There are a countless number of nerves located at the ends of your feet and toes. These nerves carry information to and from the brain, but when they are damaged this communication is hindered. If you have noticed weakness, numbness, tingling, or pain in your feet, one or several of your nerves may be injured. You don’t have to suffer from this type of peripheral neuropathy. The podiatric experts at Aadvanced Foot Care Associates are here to help!
What Causes Peripheral Neuropathy?
Decreased and abnormal sensations that affect your toes are caused by damage of the peripheral nerves. Due to increased blood sugar levels over long periods of time, nerve damage is typically associated with individuals who have diabetes. In fact, according to the American Diabetes Association, 60 to 70 percent of people with diabetes will develop neuropathy within their lifetime.
Other causes include, but are not limited to:
- Aging, as it is more common in members of the elderly population
- Exposure to Toxins
- Inheritance or Heredity
- Injury or Infection
- Metabolic Problems
- Neurological Disorders
What are the Symptoms?
The pain is typically described as tingling or burning, while the loss of sensation can be compared to the hindered sense of touch that is experienced while wearing socks. These sensations begin in the tips of the toes and if left untreated will spread to the entire foot and even the leg. Full nerve damage may even cause complete loss of feeling in the feet and legs.
Other symptoms include sharp stabbing pains, changes to your skin and toenails, and even muscle weakness.
With this decreased sense of touch, you may not notice when you step on something harmful. It also makes it hard to detect when something is too hot or too cold. Even small issues, such as blisters or scrapes, can turn into detrimental sores, because they go unnoticed for too long.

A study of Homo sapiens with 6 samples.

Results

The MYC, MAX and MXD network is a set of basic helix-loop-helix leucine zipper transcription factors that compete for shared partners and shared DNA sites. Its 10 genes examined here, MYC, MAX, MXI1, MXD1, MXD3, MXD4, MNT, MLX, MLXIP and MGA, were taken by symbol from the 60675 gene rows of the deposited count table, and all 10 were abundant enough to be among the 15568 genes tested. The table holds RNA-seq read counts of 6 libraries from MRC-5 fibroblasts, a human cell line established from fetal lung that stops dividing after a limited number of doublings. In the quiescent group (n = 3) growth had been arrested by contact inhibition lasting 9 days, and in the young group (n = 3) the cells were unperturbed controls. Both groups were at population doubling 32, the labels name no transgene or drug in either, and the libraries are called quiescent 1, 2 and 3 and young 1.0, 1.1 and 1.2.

Any change in the sensation in your toes should be noted. Report it to the podiatrists of Aadvanced Foot Care Associates immediately. Early diagnosis and treatment offers the best chance for preventing further damage.
How is it Treated?
Our goal is to manage the condition that is causing the nerve damage. Many times, when the underlying cause is corrected and treated, neuropathy will improve on its own. The next goal is to relieve your pain and discomfort. Medications are used to provide relief. Mild symptoms can be alleviated by anti-inflammatory medications and pain killers.
After completing a physical examination of the toes, feet, and ankles, your podiatrist will find the treatment option that suits your needs. He may need to order a blood test to evaluate your blood sugar levels.
How Do I Prevent Neuropathy?
As there is no known cure for peripheral neuropathy, the best thing you can do is take preventative measures. No matter your affiliation to diabetes, blood sugar levels must be kept under control. Diets rich in fruits, vegetables, whole grains, and lean proteins will also help keep your nerves healthy. As up to half of all long-term heavy alcohol users develop neuropathy, alcohol consumption should be kept minimal. Another important measure is to partake in regular exercise – 30 minutes to one hour, 3 times per week.
Healthy lifestyles make for healthy nerves. If you are experiencing any problems with your feet or ankles, visit one of our New York offices in Rego Park, Plainview, or Flushing. You can also make an appointment with us online! We look forward to working with you and enabling you to live life to the fullest!